Michael Shannon is impossible to ignore — not only because the 38-year-old actor seems to be absolutely everywhere these days (look for him as General Zod in the upcoming Superman reboot Man of Steel) but also because he’s not someone you can easily turn away from. The slightly offset eyes, the square jaw and the boxy shoulders capping off his huge imposing frame and that deep resonating voice — you see someone like Shannon coming your way, glowering with jaw jutting forward, you know you’ve done something terribly wrong.
So who better to step into the very real shoes of a contract killer who disposed of people for the mob while also, until his 1986 arrest, maintaining to his wife and family that he was an investment banker? That’s exactly what he plays in The Iceman, and the best aspect of the film is that it places Shannon into another richly-deserved leading role. The role is not a glamorous one that requires him to turn in an Oscar-baiting performance, but as Richard Kuklinski, Shannon is allowed a nice slow boil that only spills over the side when there’s blood to be spilled (or when his family is at risk).
Unfortunately, however, the material Shannon has to work with does not equal the intensity and subtlety that the actor brings to the role. Although based on two books that explore the dual life of Kuklinski, screenwriters Morgan Land and Ariel Vromen (who also directed the film) stick too heavily to some rather eye-rolling motivation to explain away Kuklinski’s life choices. He has no qualms about slashing a man’s throat in his car for insulting his fiancee? Well, that must mean he was abused as a child. He breaks his promise not to work for anyone else but crime boss Roy Demeo (Ray Liotta)? It’s just because he wants to earn his keep and provide a better life for his family, of course! These may actually be what Kuklinski told interviewers in real life, but these ideas are injected into the film version with a disregard for the intelligence of the viewers. When Vromen does reserve information and ask us to catch up via some context clues in the plot — such as when Kuklinski goes to visit his incarcerated younger brother (Stephen Dorff) — the scenes are almost brazen in their lack of grounding. Hard to know in those situations whether to applaud his insolence or scold him.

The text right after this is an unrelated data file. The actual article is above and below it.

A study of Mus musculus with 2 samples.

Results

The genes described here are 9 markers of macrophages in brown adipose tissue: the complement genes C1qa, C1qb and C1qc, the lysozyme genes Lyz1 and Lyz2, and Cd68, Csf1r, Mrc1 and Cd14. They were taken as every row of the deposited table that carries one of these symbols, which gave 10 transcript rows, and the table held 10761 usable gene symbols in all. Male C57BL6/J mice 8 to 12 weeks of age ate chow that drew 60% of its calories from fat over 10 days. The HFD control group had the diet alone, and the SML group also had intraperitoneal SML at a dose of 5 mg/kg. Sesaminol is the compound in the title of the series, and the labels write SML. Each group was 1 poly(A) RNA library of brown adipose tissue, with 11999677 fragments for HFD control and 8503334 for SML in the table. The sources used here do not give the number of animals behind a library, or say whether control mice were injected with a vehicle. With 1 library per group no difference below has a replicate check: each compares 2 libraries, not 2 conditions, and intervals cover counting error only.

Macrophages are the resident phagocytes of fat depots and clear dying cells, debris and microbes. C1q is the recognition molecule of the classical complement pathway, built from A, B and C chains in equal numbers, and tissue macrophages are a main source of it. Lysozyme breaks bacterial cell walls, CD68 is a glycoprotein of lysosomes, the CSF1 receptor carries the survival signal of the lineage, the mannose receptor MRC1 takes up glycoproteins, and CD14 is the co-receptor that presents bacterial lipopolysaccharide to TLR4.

Those moments provide an odd sort of distraction, but not as much as the strange casting decisions made to fill out the borders of the film. Winona Ryder does a fine enough job stifling the urge to go into full Lorraine Bracco in Goodfellas mode in her role as Kuklinski’s dark spouse. And Liotta is his usual reliable self, allowing a nice thin thread of fury to undercut his every interaction. But what of the weird presence of David Schwimmer, whose ridiculous wigs and facial hair can’t mask the weedy voice and presence that are unavoidable to anyone with cable television? And how did James Franco end up wandering into this film for his brief scene? If that doesn’t slap you out of the mood Vromen is trying to create, you might be asleep.
Through it all, though, Shannon remains the rock of this film. Even when he is asked to barely suppress his rage and fear at the walls closing in on him and his family from outside, he manages it without brash overacting or hysterics. If only the rest of the film aimed for a similar tone of restraint.